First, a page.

The New York Police Department has been quietly amassing a database of logs from stolen cell phones, often without the victim’s consent, The New York Times reported Monday.
The phone’s call records, which are obtained via subpoena, include a thief’s calls, calls made to and from the victim’s cell phone and whether the number was transferred. That information is entered into a database called Enterprise Case Management System, where each number is hyperlinked and cross-referenced with numbers in other records in the database.
“To date, phone companies have appeared willing to accede to the Police Department’s requests for large swaths of call records,” reported The New York Times, stating that thousands of subpoenas are issued a year.
A victim’s consent is only needed if the phone records belonged to a Sprint Nextel customer. NYPD is able to obtain a subpoena for records for stolen phones belonging to AT&T, Verizon, T-Mobile and Metro-PCS customers without victim consent or knowledge.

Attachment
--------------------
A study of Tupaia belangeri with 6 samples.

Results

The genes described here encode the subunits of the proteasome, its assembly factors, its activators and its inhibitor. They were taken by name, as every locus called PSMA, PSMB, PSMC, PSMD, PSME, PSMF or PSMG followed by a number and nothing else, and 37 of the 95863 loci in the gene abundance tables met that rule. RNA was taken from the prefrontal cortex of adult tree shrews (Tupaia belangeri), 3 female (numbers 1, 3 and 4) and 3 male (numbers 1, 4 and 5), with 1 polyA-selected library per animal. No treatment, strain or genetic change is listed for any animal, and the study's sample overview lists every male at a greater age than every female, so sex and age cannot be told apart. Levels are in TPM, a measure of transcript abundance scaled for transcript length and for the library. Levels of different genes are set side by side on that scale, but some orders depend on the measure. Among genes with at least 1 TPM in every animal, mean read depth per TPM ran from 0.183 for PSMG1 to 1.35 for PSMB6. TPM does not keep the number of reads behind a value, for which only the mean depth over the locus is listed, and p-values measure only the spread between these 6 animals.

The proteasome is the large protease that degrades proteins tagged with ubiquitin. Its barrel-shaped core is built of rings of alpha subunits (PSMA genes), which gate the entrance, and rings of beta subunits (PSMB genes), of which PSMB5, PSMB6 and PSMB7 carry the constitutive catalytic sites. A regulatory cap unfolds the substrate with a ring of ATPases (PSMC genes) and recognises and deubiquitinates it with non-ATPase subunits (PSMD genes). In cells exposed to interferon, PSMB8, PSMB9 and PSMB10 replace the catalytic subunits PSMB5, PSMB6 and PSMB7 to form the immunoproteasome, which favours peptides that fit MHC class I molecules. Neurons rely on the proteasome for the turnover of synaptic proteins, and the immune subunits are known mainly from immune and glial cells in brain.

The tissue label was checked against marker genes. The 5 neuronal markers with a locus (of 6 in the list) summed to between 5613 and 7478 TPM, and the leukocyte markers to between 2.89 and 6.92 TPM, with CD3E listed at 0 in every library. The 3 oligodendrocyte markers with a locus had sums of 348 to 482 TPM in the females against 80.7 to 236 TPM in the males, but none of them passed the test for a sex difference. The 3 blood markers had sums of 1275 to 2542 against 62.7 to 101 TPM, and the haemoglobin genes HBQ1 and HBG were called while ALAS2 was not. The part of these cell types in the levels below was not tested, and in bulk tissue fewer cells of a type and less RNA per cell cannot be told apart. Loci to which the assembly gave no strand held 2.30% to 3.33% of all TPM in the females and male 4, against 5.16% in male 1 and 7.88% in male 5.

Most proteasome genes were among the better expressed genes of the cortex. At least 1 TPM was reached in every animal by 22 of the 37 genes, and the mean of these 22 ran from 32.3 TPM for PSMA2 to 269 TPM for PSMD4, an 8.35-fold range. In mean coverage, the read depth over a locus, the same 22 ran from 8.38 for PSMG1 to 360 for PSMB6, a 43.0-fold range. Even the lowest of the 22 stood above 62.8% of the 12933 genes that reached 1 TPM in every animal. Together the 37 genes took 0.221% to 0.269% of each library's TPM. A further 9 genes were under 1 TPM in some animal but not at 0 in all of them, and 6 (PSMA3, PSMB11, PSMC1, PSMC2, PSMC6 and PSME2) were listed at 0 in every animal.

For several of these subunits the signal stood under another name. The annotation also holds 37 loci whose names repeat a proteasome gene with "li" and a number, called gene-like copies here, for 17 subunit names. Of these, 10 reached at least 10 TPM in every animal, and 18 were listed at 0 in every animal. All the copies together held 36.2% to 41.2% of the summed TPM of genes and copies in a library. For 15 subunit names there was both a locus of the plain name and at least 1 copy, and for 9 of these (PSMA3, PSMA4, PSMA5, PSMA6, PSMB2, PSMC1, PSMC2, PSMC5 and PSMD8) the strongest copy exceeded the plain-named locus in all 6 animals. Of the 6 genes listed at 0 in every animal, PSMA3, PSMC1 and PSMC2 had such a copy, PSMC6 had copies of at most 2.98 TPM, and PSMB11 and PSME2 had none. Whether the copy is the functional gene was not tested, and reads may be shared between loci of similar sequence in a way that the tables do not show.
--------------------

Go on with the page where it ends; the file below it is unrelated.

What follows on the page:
In a world where vast quantities of data are made easily understandable with high-powered computers, those analyzing the data often view that more is better.
Cell phones contain an abundance of personal information useful to law enforcement: location data, personal messages and social networking information.
As the department quietly builds its database, courts across the country are struggling reaching consensus on how to balance privacy expectations for cellphones in light of law enforcement operational demands.
The NYPD’s data collection efforts extend far beyond obtaining stolen cell phone records.
In August, New York City Mayor Michael Bloomberg unveiled the Domain Awareness System, a video surveillance system built in partnership with Microsoft that allows NYPD to track suspicious and criminal activity in real time.